In airport battle, backstabbing becomes "freedom of speech"

Posted By on Tue, Apr 23, 2013 at 2:16 PM

Often in politics, some things would be funny if they weren't so ridiculous. I'm talking about Airport Advisory Committee Chairman Shawn Dorsch's appearance before Charlotte City Council yesterday and specifically his spirited defense of his own "freedom of speech."

Quick recap: Dorsch and the rest of the airport advisory board were hauled before council to discuss revelations that Dorsch, whose job is to advise City Council on running the airport, contacted officials from other counties and a state lawmaker and urged them to support a bill that would give control of the airport to an airport authority and take it away from city government. Yes, that city government - the one that gave Dorsch his current position, and for whom he officially works as an adviser; the one that will take away his nifty position soon.

  • Courtesy of the Oshkosh Northwestern

Dorsch refused to give council details of his encounters with the other counties' officials or with legislators, citing those people's "privacy," and - here's the kicker - his freedom of speech.

It was the same line used to defend Dorsch by Stan Campbell, former council member, longtime thorn in the city's side, and one of the behind-the-scenes players in the move to create a new airport authority. Campbell told the Observer that airport advisory board members have a right to lobby for an airport authority. Ridiculous? Funny? You decide.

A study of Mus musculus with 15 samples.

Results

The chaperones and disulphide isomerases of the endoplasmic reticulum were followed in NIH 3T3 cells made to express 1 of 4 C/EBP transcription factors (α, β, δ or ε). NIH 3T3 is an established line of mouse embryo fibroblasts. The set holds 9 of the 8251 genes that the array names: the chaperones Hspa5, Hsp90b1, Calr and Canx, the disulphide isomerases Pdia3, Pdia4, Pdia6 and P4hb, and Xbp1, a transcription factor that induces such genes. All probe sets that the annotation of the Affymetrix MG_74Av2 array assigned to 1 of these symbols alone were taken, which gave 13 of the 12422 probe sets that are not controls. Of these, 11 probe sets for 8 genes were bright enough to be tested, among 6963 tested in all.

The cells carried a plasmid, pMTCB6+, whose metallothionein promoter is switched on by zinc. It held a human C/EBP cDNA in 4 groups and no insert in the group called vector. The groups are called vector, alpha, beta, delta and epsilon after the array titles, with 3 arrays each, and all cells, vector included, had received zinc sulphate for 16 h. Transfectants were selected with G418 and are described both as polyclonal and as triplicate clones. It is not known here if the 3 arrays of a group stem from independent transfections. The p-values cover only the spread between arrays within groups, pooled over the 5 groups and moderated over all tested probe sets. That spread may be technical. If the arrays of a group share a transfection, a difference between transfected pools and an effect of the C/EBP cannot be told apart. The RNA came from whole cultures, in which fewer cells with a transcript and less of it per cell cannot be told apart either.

In any case, those arguments are irrelevant diversions. Granted, Dorsch has the same freedom of speech as any other American. No one is disputing that. The problem is that Dorsch was stabbing the people he was ostensibly working for in the back.

Free speech is real, and so are its consequences. Here's how it works. Let's say you're hired as a consultant for a new business project, and you contact your employer's competitor to urge her/him to derail the project for which you are supposedly consulting. You have every right as an American to exercise your free speech and contact your employer's competitor. At the same time, of course, your employer has every right to fire your ass when he finds out.

Dorsch, no matter his duplicity in this case, could still wind up in clover, as he's backing what will no doubt be the winning side of the airport authority battle. Once the new authority is established, no one would be too surprised to see Dorsch on the board. That's probably a consequence of free speech Dorsch wouldn't complain about.